Law Abiding Citizen Writer Thinks El Chapo Modeled His Real-Life Prison Break On The Movie

This post contains spoilers for the 2009 film "Law Abiding Citizen."

F. Gary Gray's 2009 police thriller "Law Abiding Citizen" is a goofy little potboiler with a fun premise. Gerard Butler plays a man named Clyde who witnessed his family murdered. The murderer, thanks to mishandled evidence and an indifferent legal system, received a light sentence. Years later, Clyde sets about an elaborate counter-plan to expose legal corruption and murder all the people who caused him pain. Even after Clyde is apprehended and put into prison, the murders continue on the outside. Jamie Foxx plays the lawyer who attempts to understand Clyde, the nature of his plan, and who his accomplices might be. 

The twist at the end of "Law Abiding Citizen" is that Clyde has somehow constructed a series of tunnels leading in and out of his prison's solitary confinement cells. He has been sneaking out of prison in order to continue his acts of violent vengeance, confusing everyone. Luckily, the Foxx character gets the drop on him and ends his reign of terror. One might also hope that Clyde's intention of exposing the legal system's overall indifference was at some point addressed.

"Law Abiding Citizen" was written by Kurt Wimmer, the director of clever sci-fi films like "Equilibrium" and "Ultraviolet." He also wrote the screenplays for "Street Kings," the remakes of "Total Recall" and "Point Break," and the excellent spy thriller "Salt." His most recent film, as both writer and director, is the new "Children of the Corn," the 12th film to be based on Stephen King's short story about a cult of murderous children ... and corn. 

/Film's own Jack Giroux recently interviewed Wimmer, and the filmmaker stepped up to defend "Law Abiding Citizen," a film he suspects inspired the real-life criminal El Chapo.

Unlikely, but possible

Giroux asked Wimmer about his propensity for "movie logic," that is: stories that are over-the-top for real life, but still feel weirdly in the realm of possibility. Wimmer explained that his screenplays all abide by a very strict code of inner logic, even if they're set in a sci-fi universe, or if they begin to spiral out of control into action bonanzas. He even argued that "Law Abiding Citizen" was so plausible that a known criminal imitated it after the film's release. He said: 

"I believe my scripts are logical because they're not about quantum mechanics. I believe that they're fundamentally logical. I mean, if you want to say, 'Well, how does somebody dig a tunnel into jail,' it actually turned out that El Chapo did it. Now, he did it after 'Law Abiding Citizen.' I think he copied the movie, but they literally tunneled into jail. So, these things are possible. They're unlikely, but they're possible."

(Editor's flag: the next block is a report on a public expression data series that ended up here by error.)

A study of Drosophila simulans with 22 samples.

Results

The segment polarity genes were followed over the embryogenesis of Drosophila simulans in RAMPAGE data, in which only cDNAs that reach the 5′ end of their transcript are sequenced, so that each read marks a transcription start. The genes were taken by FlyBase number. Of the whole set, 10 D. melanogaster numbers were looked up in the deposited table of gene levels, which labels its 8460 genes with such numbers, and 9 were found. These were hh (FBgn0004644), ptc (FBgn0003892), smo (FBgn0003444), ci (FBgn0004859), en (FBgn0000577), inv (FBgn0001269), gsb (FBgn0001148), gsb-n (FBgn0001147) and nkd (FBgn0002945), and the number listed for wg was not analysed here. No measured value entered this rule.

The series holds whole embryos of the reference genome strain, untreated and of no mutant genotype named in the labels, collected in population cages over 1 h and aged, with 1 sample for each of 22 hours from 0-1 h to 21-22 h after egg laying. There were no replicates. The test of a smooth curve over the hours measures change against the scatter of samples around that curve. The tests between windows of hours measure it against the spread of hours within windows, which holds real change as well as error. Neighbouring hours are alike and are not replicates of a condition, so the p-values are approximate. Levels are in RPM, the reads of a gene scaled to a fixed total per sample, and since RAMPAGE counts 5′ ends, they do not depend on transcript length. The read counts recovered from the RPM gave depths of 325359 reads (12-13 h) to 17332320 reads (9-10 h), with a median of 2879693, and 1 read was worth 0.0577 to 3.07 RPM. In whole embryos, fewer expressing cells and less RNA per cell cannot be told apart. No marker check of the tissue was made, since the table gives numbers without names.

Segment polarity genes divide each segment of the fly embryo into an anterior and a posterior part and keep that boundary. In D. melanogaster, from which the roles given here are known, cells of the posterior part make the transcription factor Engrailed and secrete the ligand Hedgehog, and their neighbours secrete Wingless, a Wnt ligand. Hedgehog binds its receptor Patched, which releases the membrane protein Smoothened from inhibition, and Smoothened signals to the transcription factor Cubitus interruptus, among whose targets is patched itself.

Joaquín "El Chapo" Guzmán is the ex-leader of the Sinaloa drug cartel, who is currently serving a life-plus-30-years prison sentence. Guzmán was known for his tunnels and frequently used underground passages to transport drugs in secret. In 2014, Guzmán briefly evaded arrest via a secret network of tunnels underneath his and five other people's homes. In 2015 — and this is the part that sounds like Wimmer's idea — Guzmán escaped from prison by making a large, well-lit, well-ventilated tunnel with a motorcycle in it. It was posited that he was sneaking in and out of prison to continue his drug trade. Oh yeah, and he escaped prison again via a tunnel in 2016. The dude loved to burrow.

There is no evidence, however, that Guzmán was familiar with "Law Abiding Citizen."

They're only movies

Wimmer seems to have a pragmatic view of movies vis-à-vis their realism. He understands that logic, especially in genre cinema, isn't to be deeply honored. Indeed, any fictional film, especially broad mainstream Hollywood entertainment, is going to rest in the realm of heightened and unrealistic melodrama. The important connection to cinema comes when the audience agrees to suspend their disbelief and pretend that the film they're seeing is, on its own level, "real." Once that unspoken agreement has been made, any issues of real-world logic can be ignored, and the audience can enjoy the action, the humor, the drama, and the "big moments" that they will best remember. 

Wimmer put it thus: 

"Here's the thing: You are going to the movies to be entertained. I know it. I want to be entertained when I'm writing it. I also know that you get no points whatsoever for logic if it's sacrificed for ... you know, I love 'The Matrix,' but come on, humans as batteries? I mean, why didn't they use elephants? That seems like it makes a lot more sense. How about fish? There's millions of fish out there. By the way, who put Joey Pants into the Matrix to eat that steak? I don't care, because it was entertaining, right?"

"Joey Pants" is a reference to actor Joe Pantoliano, the turncoat in "The Matrix" who inserted himself into a simulated reality to enjoy a virtual steak while betraying his friends. The evil sentient machines in "The Matrix" had imprisoned humanity and kept them in a simulated world in order to sap electrical impulses from their brains. Wimmer isn't wrong to point out that elephants would have made better batteries.